Saturday 11 July 2009

The Portrayal of Priests - Part I

Mention of Fr. Edward J. Flanagan and the film Boys' Town brings to mind the portrayal of Catholic Priests in popular culture. During what was known as 'the golden age of Hollywood', that portrayal was generally sympathetic. While the addage that Hollywood consisted of Jews making Catholic films for Protestants must be taken with a grain of salt, the grain of truth is there already. We must exercise a critical faculty with such movies, and exercise right judgement both with the work itself and in regard to those who appeared in and worked on it, generally there is much edification in many of them.

Spencer Tracy, himself a Catholic, although not always an exemplary one, played the part of a Priest four times. First in San Francisco in 1936 and then in Boys' Town in 1938 and its sequal, Men of Boys' Town, in 1941, as well as in The Devil at 4 o'clock, in 1961.

San Francisco is set in that city about the time of the Great Earthquake and consequent Great Fire of 1906. The plot follows a familiar pattern of two childhood friends, one who has chosen a life of goodness (Tracy as Fr. Tim Mullen), the other a life of wickedness (Clarke Gable as 'Blackie' Norton, together with the lady (Jeanette MacDonald as Mary Blake) who helps to reawaken the good that was always within him.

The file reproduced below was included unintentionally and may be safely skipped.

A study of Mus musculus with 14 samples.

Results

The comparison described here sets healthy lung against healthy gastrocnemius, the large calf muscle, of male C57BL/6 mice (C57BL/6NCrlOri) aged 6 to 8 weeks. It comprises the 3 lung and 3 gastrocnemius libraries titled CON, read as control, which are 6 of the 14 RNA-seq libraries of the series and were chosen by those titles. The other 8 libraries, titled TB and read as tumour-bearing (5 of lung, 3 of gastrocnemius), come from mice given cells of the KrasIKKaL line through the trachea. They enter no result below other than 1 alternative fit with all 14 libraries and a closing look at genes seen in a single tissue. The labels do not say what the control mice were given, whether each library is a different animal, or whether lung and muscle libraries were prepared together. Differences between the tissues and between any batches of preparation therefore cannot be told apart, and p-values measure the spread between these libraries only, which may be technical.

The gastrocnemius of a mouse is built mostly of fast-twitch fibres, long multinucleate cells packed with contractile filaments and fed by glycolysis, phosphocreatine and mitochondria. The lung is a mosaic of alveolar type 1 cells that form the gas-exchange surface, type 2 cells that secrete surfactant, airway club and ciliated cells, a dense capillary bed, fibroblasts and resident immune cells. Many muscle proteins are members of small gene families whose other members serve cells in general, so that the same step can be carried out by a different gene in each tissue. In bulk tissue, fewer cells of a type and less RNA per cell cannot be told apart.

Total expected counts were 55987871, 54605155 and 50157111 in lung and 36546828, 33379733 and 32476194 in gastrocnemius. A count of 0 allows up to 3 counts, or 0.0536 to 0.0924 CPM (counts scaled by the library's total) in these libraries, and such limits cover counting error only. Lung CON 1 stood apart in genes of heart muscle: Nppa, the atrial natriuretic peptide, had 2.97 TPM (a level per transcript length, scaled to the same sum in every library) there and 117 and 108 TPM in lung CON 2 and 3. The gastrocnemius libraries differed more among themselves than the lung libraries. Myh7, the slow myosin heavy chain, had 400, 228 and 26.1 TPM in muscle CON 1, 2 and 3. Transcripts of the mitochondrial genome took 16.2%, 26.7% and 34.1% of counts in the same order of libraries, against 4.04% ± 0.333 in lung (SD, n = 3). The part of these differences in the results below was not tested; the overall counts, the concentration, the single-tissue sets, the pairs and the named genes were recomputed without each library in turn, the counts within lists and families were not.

In the first clip, we see MacDonald/Blake singing in Church at Christmas. The second clip, the final scene, shows Gable/Norton's final conversion in thanksgiving for the survival of MacDonald/Blake. The admixture of piety and materialism can be viewed in a favourable or an unfavourable light. One is tempted to see Americanism there, except that these movies are the world glancing at the Faith rather than the other way around.

Although they can be seen with a Catholic eye, the themes are not overtly Catholic. However, the film is essentially respectful, edifying and, which is not to be dismissed, a good opportunity to see Jeanette MacDonald at the peak of her talent!